U.S. sanctions block earthquake aid to Syria

Since Feb. 6, more than 41,000 people have been killed in a devastating 7.8 magnitude earthquake spanning large areas of Turkey and Syria. With casualties rising daily, U.S. sanctions against Syria are preventing much-needed relief and infrastructure support from entering the affected areas there. As a result, Syria, already devastated by the western-backed conflict, has received almost no international humanitarian assistance, leaving thousands still impacted.

The exception has been those from countries whose economies have also been devastated by U.S. sanctions. The governments of Cuba, Venezuela, Iran and China, Palestinians in Gaza and Hezbollah in Lebanon all rushed aid to Syria.

Temporary lifting of sanctions is too little, too late

Four days after the initial quake, the U.S. State Department announced a temporary lifting of sanctions on Syria only due to mounting public pressure. Bassam Sabbagh, Syria’s Permanent Representative to the United Nations, described the 180-days U.S. sanctions exemption as “insufficient to adequately offset the dire consequences of [the United States’] coercive measures” in the region. A statement released by the Syrian Ministry of Foreign Affairs and Expatriates said, “the misleading decision taken by the U.S. administration to temporarily ease some of the cruel and unilateral sanctions on the Syrian nation is out of shame and hypocrisy and is no different from previous gestures meant to convey an erroneous humanitarian impression.”

Even with sanctions exemptions, countries are hesitating to send aid fearing unbeknownst financial and political consequences from the United States, which severely punishes those who violate sanctions that it imposes. Some countries have pledged support for Syria, however, their material aid has only been localized to rebel-held territories. 

Italy is the only western government so far to send aid, and its planes had to land at the airport in Beirut, Lebanon, because the Caesar Act — part of the U.S. sanctions still in effect — forbids planes from landing in Damascus. Having to cross the border from another country significantly delays aid from reaching the areas where it is needed.

While western and European countries withhold aid, countries historically repressed and sanctioned by the United States have heroically responded to the needs of the victims. Cuba, Iran, Venezuela, China, Russia and Palestine rushed to send supplies to Syria. Cuba sent multiple groups of medics, including 27 medics to Syria. The Venezuelan Simon Bolivar Humanitarian Task Force sent 25 specialists to Syria. Ordinary Palestinians in Gaza, even with ongoing blockade and killings by Israel, launched a blood donation drive to support the injured. Hezbollah of Lebanon, also sanctioned by the United States, was quick to send aid convoys to Syria.

Terrible toll of war and 13 years of sanctions on the population

This earthquake was the largest in the region since the 1268 Cilicia earthquake and the 1822 Aleppo earthquake. Since the initial Feb. 6 quake, the region has experienced more than 2,100 aftershocks and has suffered upwards of $80 billion in infrastructure damage. The UN said earlier this week that in Syria more than five million people are facing homelessness as a result of the quake. UN aid chief Martin Griffiths said the world has failed the people of northwest Syria.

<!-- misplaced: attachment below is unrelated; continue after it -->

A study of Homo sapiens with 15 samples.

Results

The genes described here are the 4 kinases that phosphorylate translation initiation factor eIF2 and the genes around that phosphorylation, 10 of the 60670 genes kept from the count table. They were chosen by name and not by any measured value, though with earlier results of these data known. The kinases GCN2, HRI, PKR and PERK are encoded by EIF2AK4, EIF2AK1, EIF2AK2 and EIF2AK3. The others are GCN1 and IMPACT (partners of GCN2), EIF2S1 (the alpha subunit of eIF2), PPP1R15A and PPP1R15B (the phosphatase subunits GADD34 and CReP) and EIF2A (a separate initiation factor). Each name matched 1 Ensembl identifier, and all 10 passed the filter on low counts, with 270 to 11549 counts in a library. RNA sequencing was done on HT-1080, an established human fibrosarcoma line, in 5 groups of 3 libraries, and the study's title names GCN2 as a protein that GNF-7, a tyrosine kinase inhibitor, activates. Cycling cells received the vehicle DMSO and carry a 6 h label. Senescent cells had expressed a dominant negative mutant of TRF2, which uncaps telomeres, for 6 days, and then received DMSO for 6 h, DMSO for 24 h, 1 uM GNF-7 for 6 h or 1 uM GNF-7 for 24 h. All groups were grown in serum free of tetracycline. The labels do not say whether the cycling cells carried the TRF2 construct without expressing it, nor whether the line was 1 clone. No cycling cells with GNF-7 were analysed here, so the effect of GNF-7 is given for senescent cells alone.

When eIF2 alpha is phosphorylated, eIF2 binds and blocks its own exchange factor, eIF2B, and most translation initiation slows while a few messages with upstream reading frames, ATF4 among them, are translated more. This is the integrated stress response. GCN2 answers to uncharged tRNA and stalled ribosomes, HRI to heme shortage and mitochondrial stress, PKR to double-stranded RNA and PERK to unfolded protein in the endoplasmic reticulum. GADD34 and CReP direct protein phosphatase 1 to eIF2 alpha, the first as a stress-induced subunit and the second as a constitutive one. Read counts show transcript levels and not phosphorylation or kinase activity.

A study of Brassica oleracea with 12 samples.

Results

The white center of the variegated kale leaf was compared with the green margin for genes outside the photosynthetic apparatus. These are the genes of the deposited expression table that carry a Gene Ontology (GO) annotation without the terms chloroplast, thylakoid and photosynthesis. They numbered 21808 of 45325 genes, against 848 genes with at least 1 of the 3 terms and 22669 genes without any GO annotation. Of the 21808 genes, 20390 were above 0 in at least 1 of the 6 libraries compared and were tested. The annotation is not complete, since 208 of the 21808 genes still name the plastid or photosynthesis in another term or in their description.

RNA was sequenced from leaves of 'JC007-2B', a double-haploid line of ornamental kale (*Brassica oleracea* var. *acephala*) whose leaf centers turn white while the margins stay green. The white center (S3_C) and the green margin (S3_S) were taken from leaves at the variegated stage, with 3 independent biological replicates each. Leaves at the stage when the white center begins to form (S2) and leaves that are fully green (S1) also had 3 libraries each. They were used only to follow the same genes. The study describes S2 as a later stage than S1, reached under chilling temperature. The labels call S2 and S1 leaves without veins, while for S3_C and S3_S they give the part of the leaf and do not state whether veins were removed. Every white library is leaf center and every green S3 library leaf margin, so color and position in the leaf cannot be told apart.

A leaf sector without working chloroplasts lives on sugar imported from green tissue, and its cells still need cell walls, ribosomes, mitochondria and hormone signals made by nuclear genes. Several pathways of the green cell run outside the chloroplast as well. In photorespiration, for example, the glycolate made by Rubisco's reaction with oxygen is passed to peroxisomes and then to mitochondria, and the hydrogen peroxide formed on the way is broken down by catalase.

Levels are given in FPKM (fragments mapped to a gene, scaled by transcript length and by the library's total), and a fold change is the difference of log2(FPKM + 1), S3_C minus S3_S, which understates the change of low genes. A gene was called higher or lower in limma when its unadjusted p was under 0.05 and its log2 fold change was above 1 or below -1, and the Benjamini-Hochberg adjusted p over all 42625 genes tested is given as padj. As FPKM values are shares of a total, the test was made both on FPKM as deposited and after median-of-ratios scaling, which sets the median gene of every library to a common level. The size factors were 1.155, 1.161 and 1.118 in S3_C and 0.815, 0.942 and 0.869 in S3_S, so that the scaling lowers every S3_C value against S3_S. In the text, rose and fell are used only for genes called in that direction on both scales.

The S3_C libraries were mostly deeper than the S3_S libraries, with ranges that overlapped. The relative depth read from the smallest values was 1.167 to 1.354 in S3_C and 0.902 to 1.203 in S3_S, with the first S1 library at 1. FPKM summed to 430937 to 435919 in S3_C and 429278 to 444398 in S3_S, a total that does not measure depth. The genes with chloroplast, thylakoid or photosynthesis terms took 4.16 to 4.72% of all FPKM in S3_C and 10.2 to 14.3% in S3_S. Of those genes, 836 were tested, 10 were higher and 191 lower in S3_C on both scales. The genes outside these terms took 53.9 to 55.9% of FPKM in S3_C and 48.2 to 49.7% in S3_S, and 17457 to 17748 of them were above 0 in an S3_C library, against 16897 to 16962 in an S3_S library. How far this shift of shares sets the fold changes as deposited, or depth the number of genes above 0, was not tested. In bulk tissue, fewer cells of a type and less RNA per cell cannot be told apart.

It is the ordinary Syrians who are shouldering the extraordinary burden of the brutal U.S. sanctions imposed since 2011. Within five years of the start of the conflict over 80% of civilians slipped into poverty with no respite in sight. According to a 2019 UN report, ordinary Syrians are the direct victims of western sanctions, and that the unjust sanctions have caused food shortages and has been a “principal factor” in the breakdown of the Syrian health care system. 

At the time the quake hit, sanctions had created shortages of fuel for vehicles and heating homes, as well as shortages of medical supplies, hospital equipment and food. So these regions now under rubble did not have cranes and bulldozers for rescue efforts as they had been destroyed in the civil war, and there was no fuel for rescue vehicles.

Additionally, parts of Syria hardest hit by the earthquake have been under rebel control for the last decade and the conditions were already dire there. After more than a decade of civil war, fleeing refugees in the area live in makeshift tents with little to no access to basic services. The earthquake and the lack of meaningful aid only amplified the uninhabitable climate.

These rebel-controlled areas wouldn’t exist without the backing of the United States. The United States has systematically looted Syrian oil and wheat and other national resources — causing direct and indirect losses amounting to more than $20 billion, and contributing to the fuel and food insecurity.

The last decade of the U.S. illegal occupation and support of extremist forces has crippled Syria’s ability to return to a functioning state, yet the western media ignores who is really responsible and blames Syrian President Assad for all that goes wrong in Syria.

Meanwhile, funds are being blocked from getting to Syrian government-controlled areas, but allowed to go to rebel groups. For example, GoFundMe, a popular fundraising platform, suspended multiple crowdsourcing efforts in the United States and Germany from reaching Syria citing U.S. sanctions, but instead paraded raising over $100,000 for the White Helmets, a known rebel-affiliated group and a western puppet.

It’s time to demand that U.S. State Department removes all sanctions on Syria once and for all, for the United States to get out and stay out of Syria.